CRAC des CHEVALIERS, "Castle of the Knights" - Filipino Journal

CRAC des CHEVALIERS, “Castle of the Knights”

CRAC des CHEVALIERS, “Castle of the Knights”

A pilgrimage to the Middle Eastern countries of Lebanon, Syria, Jordan, Palestine, and Israel, years before the on-going Syrian civil war which began in March, 2011, historically takes us to one of the world’s one hundred most important places to visit before you die, i.e., Crac des Chevaliers, which means “Castle of the Knights”, said to be the best preserved medieval fortress on earth located in Syria, home to world’s oldest civilizations dating back to 6,000 BC. T. E. Lawrence, popularly known as “Lawrence of Arabia” remarked that Crac des Chevaliers is the “most wholly admirable castle in the world.” In 2006 the fortress was designated a UNESCO World Heritage Site in addition to other five Syrian sites that have been inscribed on the world heritage list; namely, the ancient capital city Damascus, the ancient city of Bosra, Palmyra Ruins, ancient city of Aleppo, and the ancient villages of Northern Syria.

Crac (also “Krak”) located 90 miles west of Damascus, sits strategically atop the 2,130 ft. cliff that dominates the surrounding countryside. The view from its towers is stunning! The castle encompasses an area of 3,000 sq. meters (32,300 sq. ft.) and has two main parts – an outer sun-bleached stone wall with 13 towers and an inner protective wall and stronghold (keep). The two walls are separated by a deep hidden moat (now full of stagnant water). The fortress has a courtyard and a chapel (still retaining its pulpit), many storage rooms, sleeping quarters, some latrines, cisterns for storing water, corridors, bridges, and stables. The fortification could accommodate a garrison of 5,000 soldiers with their horses, equipment and enough provisions and supplies that could allow the defenders to survive a siege for about five years.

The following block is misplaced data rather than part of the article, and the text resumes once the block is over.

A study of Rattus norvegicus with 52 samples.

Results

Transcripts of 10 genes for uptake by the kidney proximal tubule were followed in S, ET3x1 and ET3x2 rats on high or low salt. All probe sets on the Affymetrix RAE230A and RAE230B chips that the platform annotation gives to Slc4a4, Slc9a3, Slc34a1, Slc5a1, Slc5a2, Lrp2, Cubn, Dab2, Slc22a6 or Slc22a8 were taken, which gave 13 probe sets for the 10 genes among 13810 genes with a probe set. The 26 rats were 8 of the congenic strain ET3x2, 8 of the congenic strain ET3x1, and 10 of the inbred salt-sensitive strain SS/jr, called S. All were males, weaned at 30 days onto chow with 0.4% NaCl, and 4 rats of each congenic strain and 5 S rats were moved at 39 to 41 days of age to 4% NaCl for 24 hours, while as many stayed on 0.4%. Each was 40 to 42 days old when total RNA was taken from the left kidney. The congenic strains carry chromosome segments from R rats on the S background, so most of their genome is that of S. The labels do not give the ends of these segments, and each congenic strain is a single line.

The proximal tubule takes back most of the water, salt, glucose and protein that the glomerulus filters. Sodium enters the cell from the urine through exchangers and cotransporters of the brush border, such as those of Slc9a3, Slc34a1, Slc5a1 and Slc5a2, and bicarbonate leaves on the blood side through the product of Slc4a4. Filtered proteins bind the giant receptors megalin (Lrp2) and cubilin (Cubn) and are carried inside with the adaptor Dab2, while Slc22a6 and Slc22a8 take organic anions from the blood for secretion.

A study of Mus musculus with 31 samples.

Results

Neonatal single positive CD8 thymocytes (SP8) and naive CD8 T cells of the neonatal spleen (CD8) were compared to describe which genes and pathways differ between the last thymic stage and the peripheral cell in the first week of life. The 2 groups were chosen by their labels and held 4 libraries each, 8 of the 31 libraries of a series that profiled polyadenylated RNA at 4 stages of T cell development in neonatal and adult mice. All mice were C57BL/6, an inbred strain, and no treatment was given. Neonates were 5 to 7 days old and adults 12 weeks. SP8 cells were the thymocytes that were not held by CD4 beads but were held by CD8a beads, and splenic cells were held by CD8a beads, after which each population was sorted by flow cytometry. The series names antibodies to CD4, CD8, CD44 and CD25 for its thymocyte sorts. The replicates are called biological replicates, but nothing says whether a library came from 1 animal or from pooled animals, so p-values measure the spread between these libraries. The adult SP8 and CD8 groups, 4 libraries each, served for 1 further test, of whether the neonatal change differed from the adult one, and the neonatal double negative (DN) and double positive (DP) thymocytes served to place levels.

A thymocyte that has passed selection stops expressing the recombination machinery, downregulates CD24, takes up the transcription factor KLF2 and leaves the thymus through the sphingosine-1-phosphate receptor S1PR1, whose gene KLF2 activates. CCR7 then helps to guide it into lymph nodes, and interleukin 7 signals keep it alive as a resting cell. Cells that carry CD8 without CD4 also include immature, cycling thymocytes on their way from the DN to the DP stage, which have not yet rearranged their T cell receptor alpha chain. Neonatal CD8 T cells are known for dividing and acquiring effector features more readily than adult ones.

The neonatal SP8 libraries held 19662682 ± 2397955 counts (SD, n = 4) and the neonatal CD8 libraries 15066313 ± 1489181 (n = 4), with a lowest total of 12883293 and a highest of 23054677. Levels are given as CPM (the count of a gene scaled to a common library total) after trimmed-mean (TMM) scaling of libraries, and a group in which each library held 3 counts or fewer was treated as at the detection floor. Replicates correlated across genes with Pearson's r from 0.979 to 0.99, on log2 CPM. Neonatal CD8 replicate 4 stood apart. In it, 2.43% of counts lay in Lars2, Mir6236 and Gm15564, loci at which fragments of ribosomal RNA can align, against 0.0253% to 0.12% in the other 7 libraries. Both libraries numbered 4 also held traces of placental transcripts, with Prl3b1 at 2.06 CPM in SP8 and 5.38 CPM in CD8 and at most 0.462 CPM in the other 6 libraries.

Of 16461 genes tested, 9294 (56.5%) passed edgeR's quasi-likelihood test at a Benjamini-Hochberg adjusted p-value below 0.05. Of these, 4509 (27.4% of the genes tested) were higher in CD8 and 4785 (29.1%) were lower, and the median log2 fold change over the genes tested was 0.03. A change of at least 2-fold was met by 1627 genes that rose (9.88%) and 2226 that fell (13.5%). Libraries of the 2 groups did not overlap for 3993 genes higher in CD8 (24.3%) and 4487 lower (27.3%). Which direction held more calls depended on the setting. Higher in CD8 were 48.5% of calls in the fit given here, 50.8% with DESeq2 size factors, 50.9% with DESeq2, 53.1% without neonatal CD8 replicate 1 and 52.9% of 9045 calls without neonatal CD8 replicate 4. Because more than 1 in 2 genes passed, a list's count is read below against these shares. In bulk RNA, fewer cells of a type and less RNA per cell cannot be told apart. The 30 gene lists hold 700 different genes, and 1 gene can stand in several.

The castle has experienced a succession of invasions and ownership since the original fortress was built in 1031 by the Emir (prince or governor of a province) of Aleppo, a Syrian governorate. Later it was captured by a French count named Raymond and then retaken by the Christians under another Crusade leader by the name of Tancred. In 1142 due to financial trouble the castle passed into the possession of “Knights Hospitaller”, a religious medieval chivalric order of the crusades that cared for the sick and looked after the pilgrims to the Holy Land. The Crusades were a series of religious military expeditions sanctioned by the Latin church during the medieval period to check the spread of Islam and to retake the control of the Holy Land in the eastern Mediterranean. Back in the 1930’s the castle was bought by the French government and later donated it to the Syrian state in 1947.

For all history buffs the Crac is a must-see castle which you definitely have to see when in Syria. However, travelling to Syria, currently a war zone, is extremely unwise and impossible at this time.